On Wednesday I didn’t cook for my children. Danny Meyer did. Santa Maria took them to Madison Square Park to view Jessica Stockholder’s “Flooded Chambers Maid,” a colorful geometric expanse, and they ate at the Shake Shack.
I didn’t join them, because I was busy at the office, but I did hear about it from Nina, who told me she had ice cream and fries and a bit of hamburger (oddly enough, hamburgers have never proven popular with either child). They had lots and lots of ice cream, though.
I got home late that evening and needed to figure out what I was going to eat. Santa Maria was exhausted from her trip into Manhattan with the children, so she couldn’t make anything for me. I looked around the kitchen and the refrigerator made a great discovery. There were many things on hand that I could use to make a fine dinner.
I found arugula, boiled beets, and some poached chicken breasts, all remnants of a previous meal. Over the weekend, I had prepared the beets and arugula for Santa Maria. One of her favorite meals comes from a recipe in “Gourmet Everyday” for a goat cheese, arugula, scallion, and beet sandwich. Santa Maria’s inspiration was to leave out the bread and make a salad. She had that on Sunday. I had some, too, with the addition of poached chicken breasts, as the salad alone is not enough for me.
We were out of scallions, but we did have a ripe avocado. I threw it in with the beets, the chicken, and the arugula. Was this cooking? I don’t really know. I felt like one of those guys at a deli’s salad bar, pointing to cubes of meat and cheese to be tossed over lettuce. The difference, of course, was in what I was using at home. As Santa Maria pointed out, “all the ingredients were really good.” I guess that’s what matters, and I’m going to explore keeping prepared items like these on hand more often. I really enjoyed my salad and the ease of making it.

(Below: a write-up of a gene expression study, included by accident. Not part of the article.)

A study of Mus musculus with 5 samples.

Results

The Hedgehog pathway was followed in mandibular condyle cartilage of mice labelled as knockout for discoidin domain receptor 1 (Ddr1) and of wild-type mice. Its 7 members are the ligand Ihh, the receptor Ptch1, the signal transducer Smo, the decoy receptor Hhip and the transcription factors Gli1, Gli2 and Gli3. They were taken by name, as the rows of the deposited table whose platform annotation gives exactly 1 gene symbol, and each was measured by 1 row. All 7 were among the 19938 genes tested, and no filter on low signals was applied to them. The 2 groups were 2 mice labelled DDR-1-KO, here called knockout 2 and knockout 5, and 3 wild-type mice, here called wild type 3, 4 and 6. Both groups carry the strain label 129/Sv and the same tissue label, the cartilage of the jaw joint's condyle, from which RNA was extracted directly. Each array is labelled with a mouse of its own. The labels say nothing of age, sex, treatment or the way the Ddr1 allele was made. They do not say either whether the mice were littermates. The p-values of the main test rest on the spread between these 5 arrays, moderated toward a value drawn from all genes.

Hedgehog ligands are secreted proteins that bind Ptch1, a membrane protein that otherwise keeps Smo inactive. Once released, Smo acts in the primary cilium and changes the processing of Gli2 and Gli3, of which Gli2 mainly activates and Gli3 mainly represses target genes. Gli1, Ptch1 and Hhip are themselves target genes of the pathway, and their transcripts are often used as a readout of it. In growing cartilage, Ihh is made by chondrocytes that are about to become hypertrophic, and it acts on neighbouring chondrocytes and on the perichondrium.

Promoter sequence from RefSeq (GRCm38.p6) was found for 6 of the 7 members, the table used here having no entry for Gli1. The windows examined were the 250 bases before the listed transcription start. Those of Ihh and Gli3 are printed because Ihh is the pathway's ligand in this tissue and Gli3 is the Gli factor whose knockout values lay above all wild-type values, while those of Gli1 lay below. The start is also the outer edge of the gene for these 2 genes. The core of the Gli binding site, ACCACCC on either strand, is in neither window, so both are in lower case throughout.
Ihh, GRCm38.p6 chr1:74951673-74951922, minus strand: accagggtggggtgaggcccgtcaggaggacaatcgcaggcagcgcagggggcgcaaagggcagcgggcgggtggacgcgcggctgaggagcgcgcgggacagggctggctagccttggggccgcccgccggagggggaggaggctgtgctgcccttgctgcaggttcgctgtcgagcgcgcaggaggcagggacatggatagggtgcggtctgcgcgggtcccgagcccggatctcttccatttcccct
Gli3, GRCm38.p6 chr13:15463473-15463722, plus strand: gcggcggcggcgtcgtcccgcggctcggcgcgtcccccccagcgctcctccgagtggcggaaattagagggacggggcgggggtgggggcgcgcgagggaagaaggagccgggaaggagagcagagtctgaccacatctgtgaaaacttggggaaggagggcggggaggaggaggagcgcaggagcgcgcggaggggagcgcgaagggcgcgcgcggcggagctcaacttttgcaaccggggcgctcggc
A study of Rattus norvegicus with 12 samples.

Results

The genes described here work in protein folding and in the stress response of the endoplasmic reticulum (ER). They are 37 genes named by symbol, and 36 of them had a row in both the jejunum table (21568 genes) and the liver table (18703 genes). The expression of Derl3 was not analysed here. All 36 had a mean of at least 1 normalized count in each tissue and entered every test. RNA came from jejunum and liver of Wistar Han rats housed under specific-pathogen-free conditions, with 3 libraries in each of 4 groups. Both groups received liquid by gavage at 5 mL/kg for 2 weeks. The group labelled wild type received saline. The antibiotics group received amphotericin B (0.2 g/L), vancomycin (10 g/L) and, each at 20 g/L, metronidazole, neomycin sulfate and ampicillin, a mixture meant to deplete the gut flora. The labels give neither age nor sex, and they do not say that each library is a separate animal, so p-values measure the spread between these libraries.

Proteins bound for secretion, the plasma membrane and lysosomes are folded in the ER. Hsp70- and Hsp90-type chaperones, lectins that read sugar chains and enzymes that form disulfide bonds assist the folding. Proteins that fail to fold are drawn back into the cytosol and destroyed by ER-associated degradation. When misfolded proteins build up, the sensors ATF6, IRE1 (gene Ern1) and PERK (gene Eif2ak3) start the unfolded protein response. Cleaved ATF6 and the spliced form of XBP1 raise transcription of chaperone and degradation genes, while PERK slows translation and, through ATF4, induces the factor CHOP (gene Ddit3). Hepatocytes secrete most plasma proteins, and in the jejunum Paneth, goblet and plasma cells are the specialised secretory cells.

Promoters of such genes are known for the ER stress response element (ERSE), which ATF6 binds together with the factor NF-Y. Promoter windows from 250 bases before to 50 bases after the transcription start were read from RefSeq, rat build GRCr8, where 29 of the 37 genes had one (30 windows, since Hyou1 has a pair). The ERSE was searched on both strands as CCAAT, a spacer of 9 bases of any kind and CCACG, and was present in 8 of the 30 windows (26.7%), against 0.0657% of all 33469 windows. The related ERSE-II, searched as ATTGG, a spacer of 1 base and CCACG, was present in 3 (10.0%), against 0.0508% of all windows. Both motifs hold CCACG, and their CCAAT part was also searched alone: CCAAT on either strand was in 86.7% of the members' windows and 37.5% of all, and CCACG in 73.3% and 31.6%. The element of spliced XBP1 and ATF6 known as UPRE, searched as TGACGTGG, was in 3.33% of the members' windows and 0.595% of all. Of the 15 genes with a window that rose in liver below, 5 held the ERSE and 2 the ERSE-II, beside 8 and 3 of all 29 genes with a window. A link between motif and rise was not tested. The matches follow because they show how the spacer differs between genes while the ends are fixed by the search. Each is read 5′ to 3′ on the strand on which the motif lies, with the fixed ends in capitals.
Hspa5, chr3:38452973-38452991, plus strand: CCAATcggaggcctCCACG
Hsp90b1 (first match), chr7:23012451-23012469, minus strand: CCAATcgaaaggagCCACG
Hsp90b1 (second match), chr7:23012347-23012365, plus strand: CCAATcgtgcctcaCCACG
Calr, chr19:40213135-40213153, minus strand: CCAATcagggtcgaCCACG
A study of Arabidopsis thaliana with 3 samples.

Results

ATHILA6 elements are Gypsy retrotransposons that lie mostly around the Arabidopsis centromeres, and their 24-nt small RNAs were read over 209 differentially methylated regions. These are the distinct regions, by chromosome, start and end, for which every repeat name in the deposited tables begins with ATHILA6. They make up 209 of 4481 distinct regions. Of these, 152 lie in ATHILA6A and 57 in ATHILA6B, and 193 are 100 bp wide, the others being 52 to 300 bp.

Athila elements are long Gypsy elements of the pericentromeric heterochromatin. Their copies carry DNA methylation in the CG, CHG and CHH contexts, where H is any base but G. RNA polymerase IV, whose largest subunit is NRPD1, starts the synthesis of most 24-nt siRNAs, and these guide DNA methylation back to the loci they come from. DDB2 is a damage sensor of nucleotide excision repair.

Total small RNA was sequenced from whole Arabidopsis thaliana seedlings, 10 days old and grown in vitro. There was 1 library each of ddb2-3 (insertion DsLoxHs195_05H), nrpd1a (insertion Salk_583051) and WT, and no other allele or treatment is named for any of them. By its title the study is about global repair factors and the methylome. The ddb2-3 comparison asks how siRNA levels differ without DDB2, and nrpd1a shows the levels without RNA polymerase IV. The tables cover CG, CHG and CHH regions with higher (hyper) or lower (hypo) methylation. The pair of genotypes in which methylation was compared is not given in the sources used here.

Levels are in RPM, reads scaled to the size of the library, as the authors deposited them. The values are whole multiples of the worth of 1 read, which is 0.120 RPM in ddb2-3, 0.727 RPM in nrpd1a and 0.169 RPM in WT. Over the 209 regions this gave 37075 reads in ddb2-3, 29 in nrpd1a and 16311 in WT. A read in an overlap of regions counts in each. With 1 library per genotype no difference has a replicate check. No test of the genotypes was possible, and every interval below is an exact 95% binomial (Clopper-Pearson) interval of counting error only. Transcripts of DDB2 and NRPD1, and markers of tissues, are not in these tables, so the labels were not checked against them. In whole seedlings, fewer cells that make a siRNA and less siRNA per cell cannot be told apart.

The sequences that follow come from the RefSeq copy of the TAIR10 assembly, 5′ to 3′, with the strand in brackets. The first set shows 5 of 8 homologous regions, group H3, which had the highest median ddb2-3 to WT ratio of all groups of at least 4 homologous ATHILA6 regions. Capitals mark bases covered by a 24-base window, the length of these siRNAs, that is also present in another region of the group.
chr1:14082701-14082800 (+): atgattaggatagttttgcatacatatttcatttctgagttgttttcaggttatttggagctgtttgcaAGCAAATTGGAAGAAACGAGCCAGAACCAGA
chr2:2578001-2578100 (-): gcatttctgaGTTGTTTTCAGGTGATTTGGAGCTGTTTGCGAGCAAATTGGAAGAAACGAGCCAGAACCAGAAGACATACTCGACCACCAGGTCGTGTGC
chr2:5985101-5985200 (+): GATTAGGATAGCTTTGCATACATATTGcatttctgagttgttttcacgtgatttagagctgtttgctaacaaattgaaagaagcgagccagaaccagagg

One of the finer ingredients I used was the salt. A while back, my brother and his wife returned from their honeymoon to the far east with a few gifts. They gave me hand-harvested sea-salt from Bali. It delivers a rapturous burst of flavor with every giant-sized crystal. I don't think the salad would have been the same without it.